General Electric (NYSE:GE) is a massive conglomerate, composed of many industrial and financial companies -- plus one big media business, NBC Universal, in which GE has an 80% stake. (The other 20% is owned by Vivendi Universal.) All of GE's businesses are doing pretty well -- see Foolish colleague Anders Bylund's Take on the company's latest earnings report -- except for NBC Universal, which has seen its profit decline 10% in the past quarter and 9% in the past nine months.

As such, the division decided that a shakeup is in order. According to The Wall Street Journal, NBC Universal plans to cut about 700 positions, which would represent 5% of the current employee count and save about $750 million in the next couple of years. In addition, NBC is putting its faith in unscripted programming for many of its 8 p.m.-9 p.m. prime-time slots. The powers that be call this strategy "NBCU 2.0." How hip, huh?

Although the fourth quarter is expected to show profit growth, NBC Universal is spoiling GE's results right now, so it has no choice but to take drastic steps to find a catalyst or two for itself. Layoffs are always difficult and unwanted, but the hope is that efficiencies will be discovered to help the media unit thrive through tough times at its broadcasting and movie operations.

The question on many a pundit's mind is whether unscripted television is the right way to go. Shows like Deal or No Deal and 1 vs. 100 represent interesting programming, and they're cheaper than a series that requires storytelling via scripted dialogue. Economy becomes the driving force in this decision. But will quality and diversity -- and thus, in theory, ratings -- suffer as a result?

I don't necessarily have a problem with NBC increasing the number of unscripted programs on its airwaves. I do, however, have a problem with its being forced to explore one narrow option of engaging an inexpensive format. As some have pointed out, Disney's (NYSE:DIS) ABC tried to use Who Wants to Be a Millionaire to relieve itself of expensive scripted programming. The company ended up beating that horse dead by airing it too frequently. Will NBC's new game shows suffer the same fate? Why should NBC have to do this? Is there another way?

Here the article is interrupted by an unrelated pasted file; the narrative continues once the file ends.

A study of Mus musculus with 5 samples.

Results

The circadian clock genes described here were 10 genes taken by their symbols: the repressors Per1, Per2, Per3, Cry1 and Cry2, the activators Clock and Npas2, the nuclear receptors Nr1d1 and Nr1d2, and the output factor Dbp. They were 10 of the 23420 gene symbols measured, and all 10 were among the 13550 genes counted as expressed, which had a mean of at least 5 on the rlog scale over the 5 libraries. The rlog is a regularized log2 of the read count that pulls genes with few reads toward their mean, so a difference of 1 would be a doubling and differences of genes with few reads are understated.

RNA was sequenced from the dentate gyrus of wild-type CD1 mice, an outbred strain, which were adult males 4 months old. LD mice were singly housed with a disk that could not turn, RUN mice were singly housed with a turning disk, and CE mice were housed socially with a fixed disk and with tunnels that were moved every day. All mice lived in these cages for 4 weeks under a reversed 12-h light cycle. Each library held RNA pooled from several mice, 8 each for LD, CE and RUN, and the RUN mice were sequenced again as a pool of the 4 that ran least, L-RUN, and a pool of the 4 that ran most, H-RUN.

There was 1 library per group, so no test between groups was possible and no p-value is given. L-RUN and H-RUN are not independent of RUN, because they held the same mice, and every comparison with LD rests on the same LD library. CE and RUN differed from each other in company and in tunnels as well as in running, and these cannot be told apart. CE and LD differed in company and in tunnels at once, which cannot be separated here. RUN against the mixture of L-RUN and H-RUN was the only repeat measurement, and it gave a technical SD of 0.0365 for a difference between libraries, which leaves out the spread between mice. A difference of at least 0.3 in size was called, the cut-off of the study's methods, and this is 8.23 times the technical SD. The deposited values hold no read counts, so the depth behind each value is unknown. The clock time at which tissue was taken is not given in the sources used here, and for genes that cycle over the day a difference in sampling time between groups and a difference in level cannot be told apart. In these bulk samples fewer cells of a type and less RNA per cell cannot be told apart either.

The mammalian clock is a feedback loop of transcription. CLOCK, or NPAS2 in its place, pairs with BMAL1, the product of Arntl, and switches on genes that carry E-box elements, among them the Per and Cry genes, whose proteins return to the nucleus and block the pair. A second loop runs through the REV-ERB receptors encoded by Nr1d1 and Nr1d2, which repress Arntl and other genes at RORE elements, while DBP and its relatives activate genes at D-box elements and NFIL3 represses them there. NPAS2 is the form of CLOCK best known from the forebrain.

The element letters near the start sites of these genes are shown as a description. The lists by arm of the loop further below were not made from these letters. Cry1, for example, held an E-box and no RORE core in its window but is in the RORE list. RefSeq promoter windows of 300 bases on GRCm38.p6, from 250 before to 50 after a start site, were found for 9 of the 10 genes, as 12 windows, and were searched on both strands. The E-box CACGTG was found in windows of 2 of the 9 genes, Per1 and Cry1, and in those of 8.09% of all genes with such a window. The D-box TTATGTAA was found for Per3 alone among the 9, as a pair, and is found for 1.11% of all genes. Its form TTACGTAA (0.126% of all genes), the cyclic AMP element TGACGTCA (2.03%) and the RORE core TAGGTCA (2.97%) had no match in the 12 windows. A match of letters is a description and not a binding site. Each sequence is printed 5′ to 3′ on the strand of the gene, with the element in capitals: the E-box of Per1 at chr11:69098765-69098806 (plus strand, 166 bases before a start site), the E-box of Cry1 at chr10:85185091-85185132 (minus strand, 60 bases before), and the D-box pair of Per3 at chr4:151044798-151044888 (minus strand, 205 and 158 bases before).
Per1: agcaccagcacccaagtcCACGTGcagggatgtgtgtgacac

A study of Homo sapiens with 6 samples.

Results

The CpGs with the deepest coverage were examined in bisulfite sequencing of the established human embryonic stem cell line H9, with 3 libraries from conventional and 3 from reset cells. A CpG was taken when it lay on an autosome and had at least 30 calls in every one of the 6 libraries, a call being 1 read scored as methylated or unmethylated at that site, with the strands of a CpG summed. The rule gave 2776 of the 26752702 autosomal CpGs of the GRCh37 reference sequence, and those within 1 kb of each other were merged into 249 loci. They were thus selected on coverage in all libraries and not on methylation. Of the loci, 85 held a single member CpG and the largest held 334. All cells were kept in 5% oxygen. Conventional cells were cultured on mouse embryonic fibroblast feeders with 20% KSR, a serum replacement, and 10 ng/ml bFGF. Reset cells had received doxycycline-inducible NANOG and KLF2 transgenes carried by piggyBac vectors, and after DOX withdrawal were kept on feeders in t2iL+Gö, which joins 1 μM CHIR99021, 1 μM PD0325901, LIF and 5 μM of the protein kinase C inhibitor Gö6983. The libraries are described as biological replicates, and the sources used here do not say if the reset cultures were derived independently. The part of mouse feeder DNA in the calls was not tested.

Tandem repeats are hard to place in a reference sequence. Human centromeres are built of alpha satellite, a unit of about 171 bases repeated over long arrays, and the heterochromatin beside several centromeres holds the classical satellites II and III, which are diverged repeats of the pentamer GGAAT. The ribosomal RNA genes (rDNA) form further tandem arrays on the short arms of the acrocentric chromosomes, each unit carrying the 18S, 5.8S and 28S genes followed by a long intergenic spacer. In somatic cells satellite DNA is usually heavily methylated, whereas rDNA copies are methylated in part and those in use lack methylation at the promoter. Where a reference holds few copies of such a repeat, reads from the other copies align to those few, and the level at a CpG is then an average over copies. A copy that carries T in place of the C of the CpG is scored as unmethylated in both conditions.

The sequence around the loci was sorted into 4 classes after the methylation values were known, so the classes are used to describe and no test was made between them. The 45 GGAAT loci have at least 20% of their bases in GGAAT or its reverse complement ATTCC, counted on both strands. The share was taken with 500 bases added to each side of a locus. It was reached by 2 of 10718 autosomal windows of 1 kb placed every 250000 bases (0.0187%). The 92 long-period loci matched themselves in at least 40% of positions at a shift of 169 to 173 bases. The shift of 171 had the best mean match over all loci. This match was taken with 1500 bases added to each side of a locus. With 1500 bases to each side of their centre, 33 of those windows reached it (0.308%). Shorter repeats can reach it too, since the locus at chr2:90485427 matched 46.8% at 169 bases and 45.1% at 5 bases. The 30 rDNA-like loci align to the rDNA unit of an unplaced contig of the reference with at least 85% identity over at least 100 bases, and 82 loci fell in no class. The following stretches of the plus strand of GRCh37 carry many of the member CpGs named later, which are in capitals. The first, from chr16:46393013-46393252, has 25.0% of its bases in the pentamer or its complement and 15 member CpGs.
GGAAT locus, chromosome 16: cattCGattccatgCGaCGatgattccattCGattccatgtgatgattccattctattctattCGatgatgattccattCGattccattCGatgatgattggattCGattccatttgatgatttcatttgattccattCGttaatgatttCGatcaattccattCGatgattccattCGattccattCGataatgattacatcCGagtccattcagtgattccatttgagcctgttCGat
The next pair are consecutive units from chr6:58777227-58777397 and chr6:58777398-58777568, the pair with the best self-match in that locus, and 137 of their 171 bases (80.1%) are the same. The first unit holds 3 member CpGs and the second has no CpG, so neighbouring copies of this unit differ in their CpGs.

How about not giving in to expensive producer demands? How about keeping an eye on the value of the contracts to talent? If networks like CBS (NYSE:CBS) and News Corp.'s (NYSE:NWS) Fox are to survive the one-two punch of ratings erosion and escalating production costs, they will have to find a way to keep those talent expenses in check. Viacom's (NYSE:VIA) Sumner Redstone made some effort in keeping his costs down when he disagreed with Tom Cruise over the star's compensation structure. My point is that networks have to figure out how to have their cake and eat it, too -- scripted programming is an important driver for them, and they have to negotiate better deals. It can be done, I think. I don't subscribe to the notion that creative product must be expensive to be successful. At the end of the day, it comes down to strong concepts and interesting presentations, not the price tag of talent.

All of this is probably a pipe dream on my part. For now, we'll have to settle for more cheap game shows and reality programs. I just hope NBC doesn't overdo it, Millionaire-style. We'll have to see how NBCU 2.0 ultimately pans out, and whether the company should have said "No deal!"